Elevator Festival ★★★½
Newcastle Live Theatre
Until Saturday 17th March 2018

This week Live Theatre is showcasing a number of new works that they have supported through bursaries and professional support. This is a showcase of work in progress, some pieces are more complete than others. Knowing Live Theatre’s past form some of these plays will reappear in a fully fitted form at some point in the future. Tonight’s show on the main stage featured 2 very different productions which illustrate the diversity of the organisation’s output.

Spoon Theory
Written and Directed by Bex Bowsher
Co-directed by Tory Copeland
Performed by Steven Blackshaw, Lisa Eagleton & Graham Hornsby

Though there were 3 actors on stage, for the bulk of the show Bex Bowsher’s tale looked just at a married couples relationship after a tragedy. Lisa Eagleton is the newly wed who works out the logistics of how they will go on honeymoon. She likes to be in control but before they depart she is involved as a pedestrian as a victim of a road traffic collision. The impact of that incident is having most of a leg amputated plus other serious and painful surgery. The incident then impacts upon her relationship. Graham Hornsby is the husband trying to balance the act of carer and partner and the couple struggle to cope. In order to achieve some external support she applies for a PIP (Personal Independence Payment) and Steven Blackshaw performs as the variety of unemotional government representatives as the application goes through the various stages.

Spoon Theory has the potential to be the next I, Daniel Blake. A serious issue is raised and needs further exposure in order to bring about change in the system.  This is a work in progress, and cutting the story to begin immediately before the accident do not give the characters an opportunity to establish any on stage chemistry. It isn’t clear at the start why they are a couple and so it is harder to understand some of the reactions later on. Having said that, there is a strong heart to the tale which will make it worthwhile to carry on with its development. Certainly it would make a powerful tv or film drama.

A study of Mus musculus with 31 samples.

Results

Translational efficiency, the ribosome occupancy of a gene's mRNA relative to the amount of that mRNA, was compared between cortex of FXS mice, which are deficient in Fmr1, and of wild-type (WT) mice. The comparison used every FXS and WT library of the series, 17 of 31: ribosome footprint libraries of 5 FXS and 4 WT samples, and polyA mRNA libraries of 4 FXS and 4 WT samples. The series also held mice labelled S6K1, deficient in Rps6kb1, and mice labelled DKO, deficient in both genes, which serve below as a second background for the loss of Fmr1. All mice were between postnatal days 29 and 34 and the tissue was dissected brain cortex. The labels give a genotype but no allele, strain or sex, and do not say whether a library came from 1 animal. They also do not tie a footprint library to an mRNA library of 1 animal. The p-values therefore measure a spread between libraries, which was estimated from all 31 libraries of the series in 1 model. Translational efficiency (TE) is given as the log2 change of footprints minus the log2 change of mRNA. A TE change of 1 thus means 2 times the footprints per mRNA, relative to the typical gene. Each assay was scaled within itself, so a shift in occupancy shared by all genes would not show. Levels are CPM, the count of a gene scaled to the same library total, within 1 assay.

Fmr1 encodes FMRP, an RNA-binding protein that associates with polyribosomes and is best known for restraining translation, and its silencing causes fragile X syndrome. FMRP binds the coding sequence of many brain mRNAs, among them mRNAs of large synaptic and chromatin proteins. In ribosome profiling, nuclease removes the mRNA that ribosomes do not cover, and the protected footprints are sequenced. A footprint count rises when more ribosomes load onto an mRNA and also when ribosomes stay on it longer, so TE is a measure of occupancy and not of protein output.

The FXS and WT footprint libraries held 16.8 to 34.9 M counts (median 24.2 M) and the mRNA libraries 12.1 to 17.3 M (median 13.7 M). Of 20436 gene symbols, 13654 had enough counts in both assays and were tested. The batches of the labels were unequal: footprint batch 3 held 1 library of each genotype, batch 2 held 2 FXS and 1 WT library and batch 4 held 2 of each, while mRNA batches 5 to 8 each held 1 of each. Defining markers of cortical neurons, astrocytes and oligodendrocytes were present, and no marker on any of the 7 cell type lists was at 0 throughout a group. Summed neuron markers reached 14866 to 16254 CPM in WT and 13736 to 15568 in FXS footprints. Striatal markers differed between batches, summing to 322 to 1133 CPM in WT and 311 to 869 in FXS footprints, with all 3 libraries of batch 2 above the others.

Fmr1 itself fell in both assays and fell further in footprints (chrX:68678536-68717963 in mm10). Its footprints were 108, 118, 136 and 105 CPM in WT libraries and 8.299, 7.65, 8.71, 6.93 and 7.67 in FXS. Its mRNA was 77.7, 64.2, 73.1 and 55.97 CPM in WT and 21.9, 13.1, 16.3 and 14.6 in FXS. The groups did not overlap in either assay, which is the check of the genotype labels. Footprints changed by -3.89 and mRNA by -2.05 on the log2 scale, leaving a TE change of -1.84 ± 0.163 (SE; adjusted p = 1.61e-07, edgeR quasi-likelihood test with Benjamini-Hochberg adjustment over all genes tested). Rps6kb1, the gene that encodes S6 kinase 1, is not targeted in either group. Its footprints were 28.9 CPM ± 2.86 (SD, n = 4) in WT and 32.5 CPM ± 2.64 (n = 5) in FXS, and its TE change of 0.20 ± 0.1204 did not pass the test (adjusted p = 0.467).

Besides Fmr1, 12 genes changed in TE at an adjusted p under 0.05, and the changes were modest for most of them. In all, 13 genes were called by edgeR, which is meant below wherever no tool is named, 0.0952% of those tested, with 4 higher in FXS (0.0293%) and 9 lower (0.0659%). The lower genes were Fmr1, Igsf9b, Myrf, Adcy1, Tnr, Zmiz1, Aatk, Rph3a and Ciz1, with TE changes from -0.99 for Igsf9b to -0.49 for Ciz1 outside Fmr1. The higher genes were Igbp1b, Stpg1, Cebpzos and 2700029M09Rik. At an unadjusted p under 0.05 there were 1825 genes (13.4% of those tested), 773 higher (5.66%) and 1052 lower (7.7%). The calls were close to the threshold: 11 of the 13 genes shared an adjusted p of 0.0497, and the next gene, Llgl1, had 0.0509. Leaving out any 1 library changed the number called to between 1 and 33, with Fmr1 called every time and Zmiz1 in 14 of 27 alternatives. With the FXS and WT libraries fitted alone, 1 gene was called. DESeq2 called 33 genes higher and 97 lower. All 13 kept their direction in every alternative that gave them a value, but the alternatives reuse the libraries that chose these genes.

Rat Boy
Written by Christina Berriman Dawson & Lee Mattinson
Directed by Christina Berriman Dawson
Creative Support Laura Lindow
Music Composed by Kirk Turnbull (QFX)
Choreographer Malcolm Shields
Performed by Christina Berriman Dawson, Micky Cochrane, James Hedley, Paula Penman & Christopher Price

The one man crime wave that was “Rat Boy” filled national newspapers back in the day. Christina Berriman Dawson and Lee Mattinson bring back a number of memories in the 90s with their energetic and lively tale.

Micky Cochrane and Paula Penman are the parents, though not a functioning couple who brought James Hedley’s eponymous character into the world but he has already upset both of them.  The term dysfunctional family appears to not come close to describe a family in which watching the Stars In Their Eyes or Crackerjack has greater priority over the safety of the family. Between the moments of laughter are some really tragic moments. Christina Berriman Dawson and Christopher Price are Rat Boys friends who actually care about the lad’s disappearance and try to seek him out.

The short section has lots of feel good memories to make the audience laugh, from watching the youngsters throwing their shapes to music that sounds familiar and of the time through to the Dad’s reactions to the TV.  A strong script coupled with some recognisable, if not always entirely likeable, characters makes for a charming experience.  This is another show that could easily be worked up into a full-length play for stage or screen.  

Live Theatre has got their festival off to a great start and the North East has a much stronger cultural scene thanks to the activities of the organisation. Long may it continue.   

Tickets for plays in Elevator Festival cost between £3 and £8, with some events free, and the Director’s Masterclass £10. Live Theatre has extended availability of its concession priced tickets to include all young people aged 25 and under, proof of age is needed when booking or collecting tickets.
To book tickets and to find out more contact Live Theatre’s box office on (0191) 232 1232 or visit

Post show events

Fri 16 Mar (after 7.30pm show)
MEET THE MAKERS - Christina Dawson, Rebekha Bowsher and Graeme Thompson, Live Theatre’s Creative Producer, discuss making their plays and how winning Live Theatre bursaries aided their work.
FREE with a ticket for that evening’s performance.

Post Show Talks are audio recorded and can be listened to again on
BSL signed peformance (Sat 17 Mar)  
Live Theatre has also launched it’s call out for its 2018 Bursary offering £2,000, support and space to develop innovative new theatre for next year’s Elevator Festival. See for details.